That woman is nuts. I just emailed her this:
Ms. Boule, I stumbled upon your article this morning on the internet, and although I'm not located in Oregon, I wanted to comment a bit on it. First, I want to congratulate your for tackling an issue that is usually swept under the rug in this day and age. It is true that many newer physicians have little or no experience with some of the "older" ailments because they've no experience treating them. They must rely on what they learn in medical school. They largely practice prophylactic, or preventative, medicine in the hopes of avoiding future disaster. However, it takes many years to get through medical school, and medical advances are purportedly made every day. How many studies have been done that reveal outdated knowledge? Doctors practice medicine, and the CDC, even the NIH, are headed by doctors who practice medicine. Doctors are human just as the rest of us, and all humans make mistakes sometimes. Remember the Rotovirus vaccine? If not, I suggest you do some research. Remember the anti-nausea drug prophylactlically prescribed to pregnant women a few decades ago? It caused miscarriages and birth defects before it was taken off the market. Remember the FDA approved diet pill that was giving people heart failure a few years back?
In your article, you stated "The big deal is this: The contagious disease is extremely dangerous for infants and small children, and can be fatal." I couldn't agree more. But the fact remains that the DTaP shot is not approved for use in small infants. It is further contraindicted for use in some children. It is not approved for adults, because it could cause damage. In all these cases, the shot is also extrememly dangerous, and can be fatal.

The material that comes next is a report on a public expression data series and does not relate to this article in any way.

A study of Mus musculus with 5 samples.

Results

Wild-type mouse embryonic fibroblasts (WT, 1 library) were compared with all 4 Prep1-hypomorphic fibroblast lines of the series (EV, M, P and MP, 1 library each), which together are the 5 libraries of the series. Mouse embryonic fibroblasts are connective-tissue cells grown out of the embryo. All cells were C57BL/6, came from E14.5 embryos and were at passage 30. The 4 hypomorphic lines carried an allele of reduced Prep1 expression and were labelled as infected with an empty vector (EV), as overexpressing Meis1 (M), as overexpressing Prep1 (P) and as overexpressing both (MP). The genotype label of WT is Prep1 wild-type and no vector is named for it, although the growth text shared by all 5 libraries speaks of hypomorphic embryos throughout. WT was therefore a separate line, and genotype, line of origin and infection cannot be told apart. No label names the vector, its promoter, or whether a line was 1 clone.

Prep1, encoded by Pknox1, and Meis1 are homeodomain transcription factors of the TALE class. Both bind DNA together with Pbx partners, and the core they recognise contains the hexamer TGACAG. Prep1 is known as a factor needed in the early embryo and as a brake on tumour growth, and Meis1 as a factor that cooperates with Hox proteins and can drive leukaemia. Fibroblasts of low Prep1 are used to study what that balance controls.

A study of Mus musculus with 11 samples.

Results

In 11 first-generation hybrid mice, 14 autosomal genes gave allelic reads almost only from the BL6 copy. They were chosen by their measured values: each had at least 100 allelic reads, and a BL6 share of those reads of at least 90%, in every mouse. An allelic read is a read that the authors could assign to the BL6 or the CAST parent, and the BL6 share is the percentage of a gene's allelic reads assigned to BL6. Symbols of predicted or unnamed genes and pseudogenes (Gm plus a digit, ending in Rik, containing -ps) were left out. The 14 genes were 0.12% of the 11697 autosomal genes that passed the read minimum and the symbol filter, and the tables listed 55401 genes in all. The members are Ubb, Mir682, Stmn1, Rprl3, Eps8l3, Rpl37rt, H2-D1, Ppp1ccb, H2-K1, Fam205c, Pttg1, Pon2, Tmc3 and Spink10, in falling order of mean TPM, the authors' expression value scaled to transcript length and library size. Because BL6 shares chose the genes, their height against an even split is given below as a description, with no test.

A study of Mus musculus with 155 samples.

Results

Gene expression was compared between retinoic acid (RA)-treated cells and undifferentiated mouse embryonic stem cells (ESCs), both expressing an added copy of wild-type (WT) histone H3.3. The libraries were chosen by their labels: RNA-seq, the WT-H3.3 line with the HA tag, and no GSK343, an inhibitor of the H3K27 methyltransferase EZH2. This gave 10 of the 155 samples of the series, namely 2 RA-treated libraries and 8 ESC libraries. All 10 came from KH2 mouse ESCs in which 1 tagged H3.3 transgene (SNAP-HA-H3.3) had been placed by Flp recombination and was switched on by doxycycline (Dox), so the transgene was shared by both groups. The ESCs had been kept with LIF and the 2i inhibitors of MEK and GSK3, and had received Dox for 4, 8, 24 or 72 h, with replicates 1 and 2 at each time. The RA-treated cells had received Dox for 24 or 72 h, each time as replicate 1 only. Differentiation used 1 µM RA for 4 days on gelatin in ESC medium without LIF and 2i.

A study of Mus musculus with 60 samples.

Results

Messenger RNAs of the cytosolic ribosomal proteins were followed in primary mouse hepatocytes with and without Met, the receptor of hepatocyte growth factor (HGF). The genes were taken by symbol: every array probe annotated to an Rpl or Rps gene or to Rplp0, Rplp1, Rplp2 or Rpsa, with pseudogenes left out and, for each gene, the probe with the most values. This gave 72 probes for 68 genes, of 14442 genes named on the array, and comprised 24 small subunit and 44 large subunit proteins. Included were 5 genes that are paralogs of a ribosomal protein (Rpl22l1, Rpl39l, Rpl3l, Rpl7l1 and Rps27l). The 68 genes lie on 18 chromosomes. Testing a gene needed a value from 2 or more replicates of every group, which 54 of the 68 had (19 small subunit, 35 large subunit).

Further in your article, you state "A number of readers asked if the family whose story was told two weeks ago had been vaccinated. The adults had, but the newborn was too young to have begun the process. The toddler had not yet received the full three inoculations and two boosters required for greatest protection." What you're saying is, according to recommended schedules, this family was up to date on their shots. Alas, many of your readers may not realize this, because your tone implies that they were not.
Still further down you quote Hilary Gillette from the NIH as saying that the vaccine is not 100% perfect & effective, yet you tell your readers that it's the unvaccinated children that have spawned your epidemic. You fail to mention completely that there can be valid medical reasons for not vaccinating a child; instead you imply in your writing that all non-vaccinating parents are irresponsible. Near the end of your article you encourage people to visit Canada to recieve the adult approved pertussis vaccine. Are you willing to take responsibility for any adverse reaction a reader may have for following your suggestion? Are you a medical proffesional? If you answered no to either question, then you are practicing irresponsible journalism. In the future, please practice more responsibility, because journalists affect lives just as much, if not more, than doctors.
I have no problem signing my whole name to this.
Sorry for the length, but damn....thank you, owensmom, for putting that link up there.